My earliest recollection of actually seeing an omelette dates back to late 1969, early 1970. I had moved from Jackson to Kansas City, Mo., and being in my early 20s and desirous of a night out now and then, I became familiar with late-night dining at Nichols Lunch at 39th and Southwest Trafficway. The local 24-hour eatery, open since 1921, fit the bill as the spot to eat, laugh and stretch out an evening's fun. Omelettes were on the menu; I saw many being served but never tried one. Why would anyone want to add meat, vegetables or cheese to their eggs?
I was raised on plain, Southern home-cooked breakfast fare that called for the ham to be sliced, bone-in, sitting beside the scrambled eggs and buttered biscuits. My mama did deviate in that she also served melted cheddar cheese, spooned onto our plates from the six-inch Pyrex dish it was melted in, beside the biscuits baking in the oven. That slightly warm, thick and easy-to-cut-with-a-fork cheese set off the eggs and ham, or bacon or sausage, in a taste and textural way that I remember fondly to this day.
Growing up eating melted cheese with a fork, why would I think an omelette sounded weird? I, who had never eaten a casserole—not until my not-yet-mother-in-law's green bean casserole made with cream of mushroom soup and topped with Durkee's onion rings at Thanksgiving 1971—and thought that corned beef meant kernels of corn had been somehow stuffed one-by-one into a beef roast. For me, food was supposed to remain separated on the plate, becoming mixed together only once it was being chewed in the mouth.
I was wrong, wrong, wrong—in big neon letters. Tastes and textures together are one of the delights of cooking and eating.
Now, over 30 years later, I've decided to cook omelettes. To that end, recently I cut some chunks of pungent Wisconsin cheddar cheese, sprayed my non-stick eight-inch Mirro skillet with a non-stick spray and set it onto the stove. Once I had cracked two eggs into a bowl, I lit the burner beneath the skillet and started to briskly stir the eggs, letting a droplet slide down the fork and splat onto the skillet's surface; it took three droplets before I heard the sizzle that meant the skillet was hot enough. Once I had poured the eggs into it, I let the skillet sit for a few seconds. Picking up the skillet, I swirled it around, like I'd seen the young lady do who makes omelettes on Sunday mornings at the Ameristar's Harvest Buffet. More of the egg cooked; I forced myself to leave it alone, but I did lower the heat so that it wouldn't burn. In a few seconds, I put the cheese chunks onto one half of the eggs and lifted the other side with my plastic spatula, folding it over onto the cheese. It was gorgeous. A few seconds later, I slid my cheese omelette onto a plate and proceeded to eat it with toast and grape jelly. Yummy.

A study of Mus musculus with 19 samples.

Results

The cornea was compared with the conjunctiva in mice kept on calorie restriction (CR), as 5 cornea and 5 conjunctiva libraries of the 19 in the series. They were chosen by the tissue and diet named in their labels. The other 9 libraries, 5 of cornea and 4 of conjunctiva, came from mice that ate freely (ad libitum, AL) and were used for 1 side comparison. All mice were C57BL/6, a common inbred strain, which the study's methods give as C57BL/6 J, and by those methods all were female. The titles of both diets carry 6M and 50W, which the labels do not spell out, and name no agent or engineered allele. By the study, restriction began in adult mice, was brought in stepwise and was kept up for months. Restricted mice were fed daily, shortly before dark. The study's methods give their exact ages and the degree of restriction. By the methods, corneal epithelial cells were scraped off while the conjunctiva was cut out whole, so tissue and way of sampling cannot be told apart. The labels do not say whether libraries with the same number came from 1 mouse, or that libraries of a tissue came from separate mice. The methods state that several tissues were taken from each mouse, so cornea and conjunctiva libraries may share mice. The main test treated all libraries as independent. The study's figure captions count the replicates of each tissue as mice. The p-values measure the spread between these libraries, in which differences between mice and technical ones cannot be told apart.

Since then I have expanded my omelette operation to include rough chopped Vidalia onion and fresh tomato along with some shredded Kraft cheddar cheese that I will never buy again—I'll do without instead.
Each ingredient sat ready on the counter in small Boontonware salad bowls, from the trendy plastic set Mama bought in 1956 to match our tri-level Pacemaker house trailer. I felt like a TV chef as I used the fourth bowl for the eggs and then followed the same sequence as with my cheese omelette, picking up my little bowls and adding ingredients to the eggs, veggies then cheese, before I folded it in half. Once it was on the plate, I cut into it expectantly only to be disappointed—the center remained runny. It tasted so-so, too, but that could have been due to my aversion to what most people call soft-scrambled eggs—I call them shiny and always order mine dry. I figured it was that dratted processed cheese. Later that same morning I made Mama's using only veggies inside and sprinkled the cheese on top, as a sort of controlled experiment. Doggone if that one wasn't runny, too, but that's the way Mama likes her eggs.
Days later on the phone with Lamont, my older chef son, I recounted the entire experience. "Guess what I discovered?" I explained proudly. "Those vegetables released a lot of liquid when they were heated, and I thought it was that disgusting cheese."
"Yes, they do, Mama," Lamont laughed heartily before telling me how proud he was of his mama, the novice experimenting chef back home in Mississippi.